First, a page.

The Microsoft Lumia 950 is the highest-end Windows Phone in years, and we’re enjoying test driving it on the way to our full review. But while its Quad HD display, integrated wireless charging, Continuum technology and feature-packed camera are all very impressive, the cladding surrounding those features is … somewhat less so. In a sea of hefty metal and glass phones, the Lumia 950’s lightweight polycarbonate casing seems like a holdover from the Nokia days (which of course it is). But the Lumias of yore shone in playful shades of yellow, green and orange that hinted at something fun, something alive. Such frivolity is nowhere to be found on the Lumia 950, whose matte black and white covers better reflect the new boardroom focus of Windows 10.
Microsoft built the Lumia 950 for more than the enterprise customer, though; in an interview last week the company told me the phone is also aimed at the Windows Phone fanbase, a small but devoted group of which I still occasionally count myself a part. If you’re one of those fans who, like me, finds something lacking in the 950’s construction compared to older phones like the Lumia 930 and 1520, there’s a solution: the Lumia 950 back cover lineup from Helsinki-based accessory maker Mozo.
The Lumia 950 Mozo covers were on display alongside the phones at the Windows 10 unveiling last month, but our own Adam Lein had to order a couple at retail for us to get a proper long-term feel for them. I’ve been using the brown leather cover for nearly a week at this point, and if I were buying a Lumia 950 of my own, I’d absolutely pick up one of these to go with it.
Given my appreciation for other leatherbound smartphones like the Moto X and LG G4, maybe that’s a predictable stance to take. I think leather is a fantastic choice for a smartphone backing material: it’s soft without being too slippery; it stands out in a crowd; and it usually ages beautifully. And the question is academic anyway, since Mozo currently only offers leather options on its website.
Because the Lumia 950 includes a removable back cover, installation is as easy as it gets: you just pop off the stock cover and snap on the new one. The Moto covers were built specifically for the Lumia 950 and meet all the accessory requirements of Microsoft’s “Made for Lumia” certification program, so it snaps into place easily and feels like a part of the phone when it’s on there. The covers come in black, white, brown and “spicy red.”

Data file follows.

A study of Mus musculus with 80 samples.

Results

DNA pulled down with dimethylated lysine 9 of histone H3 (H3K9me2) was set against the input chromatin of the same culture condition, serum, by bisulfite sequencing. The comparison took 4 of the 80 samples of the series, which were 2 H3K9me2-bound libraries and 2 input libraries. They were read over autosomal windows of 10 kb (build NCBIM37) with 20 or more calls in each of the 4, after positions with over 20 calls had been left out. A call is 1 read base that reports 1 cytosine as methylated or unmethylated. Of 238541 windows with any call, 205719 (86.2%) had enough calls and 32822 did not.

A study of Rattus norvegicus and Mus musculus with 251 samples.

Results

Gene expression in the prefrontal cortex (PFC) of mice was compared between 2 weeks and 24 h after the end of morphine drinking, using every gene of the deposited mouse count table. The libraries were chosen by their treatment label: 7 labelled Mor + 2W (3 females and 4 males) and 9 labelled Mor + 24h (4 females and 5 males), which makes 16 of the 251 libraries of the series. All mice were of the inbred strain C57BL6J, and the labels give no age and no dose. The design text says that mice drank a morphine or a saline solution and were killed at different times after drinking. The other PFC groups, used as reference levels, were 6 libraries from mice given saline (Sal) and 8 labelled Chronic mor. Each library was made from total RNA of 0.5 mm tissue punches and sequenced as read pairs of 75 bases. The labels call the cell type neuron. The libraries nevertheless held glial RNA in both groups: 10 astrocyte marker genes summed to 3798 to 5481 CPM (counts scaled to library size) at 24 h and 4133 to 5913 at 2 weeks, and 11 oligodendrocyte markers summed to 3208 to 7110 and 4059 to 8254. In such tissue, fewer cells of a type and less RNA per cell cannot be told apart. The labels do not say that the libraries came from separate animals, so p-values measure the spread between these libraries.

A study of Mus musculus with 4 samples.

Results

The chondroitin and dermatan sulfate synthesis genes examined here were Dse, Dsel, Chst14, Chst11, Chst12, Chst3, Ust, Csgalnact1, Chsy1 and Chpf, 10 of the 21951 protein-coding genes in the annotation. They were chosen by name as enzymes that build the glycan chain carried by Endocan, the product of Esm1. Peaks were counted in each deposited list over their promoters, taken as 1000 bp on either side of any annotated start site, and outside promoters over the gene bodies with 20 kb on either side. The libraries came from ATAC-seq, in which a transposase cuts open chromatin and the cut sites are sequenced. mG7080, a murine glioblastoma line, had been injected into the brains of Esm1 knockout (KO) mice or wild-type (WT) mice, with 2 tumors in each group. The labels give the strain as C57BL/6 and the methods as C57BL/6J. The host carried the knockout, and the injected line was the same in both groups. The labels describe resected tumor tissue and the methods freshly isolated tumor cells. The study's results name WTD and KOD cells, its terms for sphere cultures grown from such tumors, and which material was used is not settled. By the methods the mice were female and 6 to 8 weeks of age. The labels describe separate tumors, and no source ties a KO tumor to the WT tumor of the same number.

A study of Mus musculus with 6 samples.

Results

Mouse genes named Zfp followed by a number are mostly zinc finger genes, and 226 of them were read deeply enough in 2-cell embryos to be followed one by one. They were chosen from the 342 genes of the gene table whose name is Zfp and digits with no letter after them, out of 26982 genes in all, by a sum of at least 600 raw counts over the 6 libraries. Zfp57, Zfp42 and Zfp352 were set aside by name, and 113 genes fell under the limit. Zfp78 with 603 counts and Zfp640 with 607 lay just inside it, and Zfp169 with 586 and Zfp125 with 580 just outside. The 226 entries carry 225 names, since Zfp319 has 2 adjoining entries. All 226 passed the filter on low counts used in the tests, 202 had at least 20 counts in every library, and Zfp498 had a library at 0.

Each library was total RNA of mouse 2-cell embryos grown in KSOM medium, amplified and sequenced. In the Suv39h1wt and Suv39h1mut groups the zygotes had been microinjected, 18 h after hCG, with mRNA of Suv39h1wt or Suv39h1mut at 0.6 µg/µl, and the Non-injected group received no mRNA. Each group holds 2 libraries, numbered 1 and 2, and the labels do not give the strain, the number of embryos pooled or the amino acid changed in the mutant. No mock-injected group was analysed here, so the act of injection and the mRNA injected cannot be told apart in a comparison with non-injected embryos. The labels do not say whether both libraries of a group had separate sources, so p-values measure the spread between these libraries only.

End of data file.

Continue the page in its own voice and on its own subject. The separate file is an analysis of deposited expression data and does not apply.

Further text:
I’ve spent most of my time with the brown version, and every time I pull the Lumia 950 from my pocket, I’m glad the Mozo cover is on there. For one thing, the leather is much grippier than the matte polycarbonate of the stock cover, and for another it’s just nicer to look at, with real stitching at the sides and a tastefully minimal “Mozo” stamp in place of the plastic version’s AT&T silkscreen. None of this interferes with the Qi charging, by the way, which works just as well as ever. Interestingly, one of my favorite features has nothing to do with the leather: the faux metallic midplate gives the phone’s sides a touch of distinction –silver on the brown, gold on the red– that’s missing from the polycarbonate version. All the buttons continue to work just as well, and NFC should be unaffected too (though I haven’t yet put that claim to the test).
Lest this become a puff piece, there are some negatives I need to hit. First off, the backplates (and the flip covers that accompany them) aren’t cheap: ordering them from Mozo will cost you between €48.50 and €59.90 (about $51-$63) depending on which you choose, and you may be waiting a few weeks for your order to come in. That’s a lot of money for a backplate, especially when you consider the already-high cost of the Lumia 950 itself. Then there’s the inevitable fraying of the stitching, which you can see on our brown model in the photos above. That seems to happen to every stitched-leather smartphone and tablet, but it still gives us pause. And only time will tell how well the painted-plastic siderails hold up; we have hope the paint won’t rub off over the months, but hope hasn’t always been successful at saving our accessories from self-destruction.
Compromises aside, the Mozo leather case would probably top my list of must-have accessories for the Lumia 950. It’s expensive, but if you’re planning on spending $600 on this phone anyway, you might as well go the distance and make it into a phone that looks the part. As for whether the 950 itself will be on my holiday shopping list this season … stay tuned for Pocketnow’s full review coming next week, and check out last week’s installment of the Pocketnow Weekly podcast for some early thoughts.